Sierra Nevada, the  Not Sierra Nevada mountains or Sierra Nevada mountain range. (Sierra means mountain range.)

Usually we use the full name in all references. But if the context is clear, the Sierra or the northern Sierra or such is fine on second reference.







On Oct. 14, firefighters rescued four climbers who had been stranded on Mount Rainier for three days.
Firefighters on Oct. 14 rescued four climbers who had been stranded on Mount Rainier for three days.


 

Question from Austin, TX on Oct 19, 2017

I believe you incorrectly answered this question:

QUESTION from lakeland, Fla. on Sep 01, 2015
ANSWER On first reference, The New York Times. On second reference, the Times is acceptable: The event will feature author John Smith, whose books were twice on The New York Times best-seller list. John Smith, whose book was No. 1 on The New York Times best-seller list, will be featured. The author has written 15 books, all listed as best-sellers by the Times.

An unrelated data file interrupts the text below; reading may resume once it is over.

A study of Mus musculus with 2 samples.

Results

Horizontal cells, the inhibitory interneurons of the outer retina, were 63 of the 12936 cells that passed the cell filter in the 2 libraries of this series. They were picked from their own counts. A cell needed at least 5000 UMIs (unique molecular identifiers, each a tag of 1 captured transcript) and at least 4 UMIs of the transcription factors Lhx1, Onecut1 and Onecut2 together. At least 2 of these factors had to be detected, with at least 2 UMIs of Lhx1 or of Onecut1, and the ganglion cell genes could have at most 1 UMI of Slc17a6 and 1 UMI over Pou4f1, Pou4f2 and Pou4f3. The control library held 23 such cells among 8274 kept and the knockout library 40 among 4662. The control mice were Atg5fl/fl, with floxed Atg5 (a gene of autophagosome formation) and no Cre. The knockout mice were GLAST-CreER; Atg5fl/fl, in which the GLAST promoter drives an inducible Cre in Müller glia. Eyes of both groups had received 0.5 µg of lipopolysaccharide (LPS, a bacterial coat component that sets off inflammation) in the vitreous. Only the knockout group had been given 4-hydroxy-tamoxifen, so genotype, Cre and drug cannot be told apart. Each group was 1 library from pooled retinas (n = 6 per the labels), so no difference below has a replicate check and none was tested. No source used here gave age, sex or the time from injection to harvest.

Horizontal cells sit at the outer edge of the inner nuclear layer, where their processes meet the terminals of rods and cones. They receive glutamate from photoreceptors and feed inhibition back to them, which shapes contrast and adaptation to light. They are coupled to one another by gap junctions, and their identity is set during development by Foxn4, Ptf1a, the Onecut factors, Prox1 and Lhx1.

This is less a question about first and second reference than it is about whether to use the "The" when there is an adjective right before the name. Recasting may be optimal, but it's not always an option and you have to run "a two-time New York Times best-selling author" where "New York Times is acting as an adjective; "a two-time The New York Times best-selling author" would sound terrible. Also, in the example you give, the "The" instances in bold above are not part of the name. "New York Times" is acting as the adjective and "the" is an article required as part of the sentence. It's like saying "I watched the Sopranos television show" and "I watched The Sopranos." Both are correct. The article is not acting as part of the name in the first instance. It should be able to stand alone without the adjective: "whose books were twice on the best-seller list." Anyway, this question as posed by the user comes up a lot and I think you should change your answer to reflect the actual question.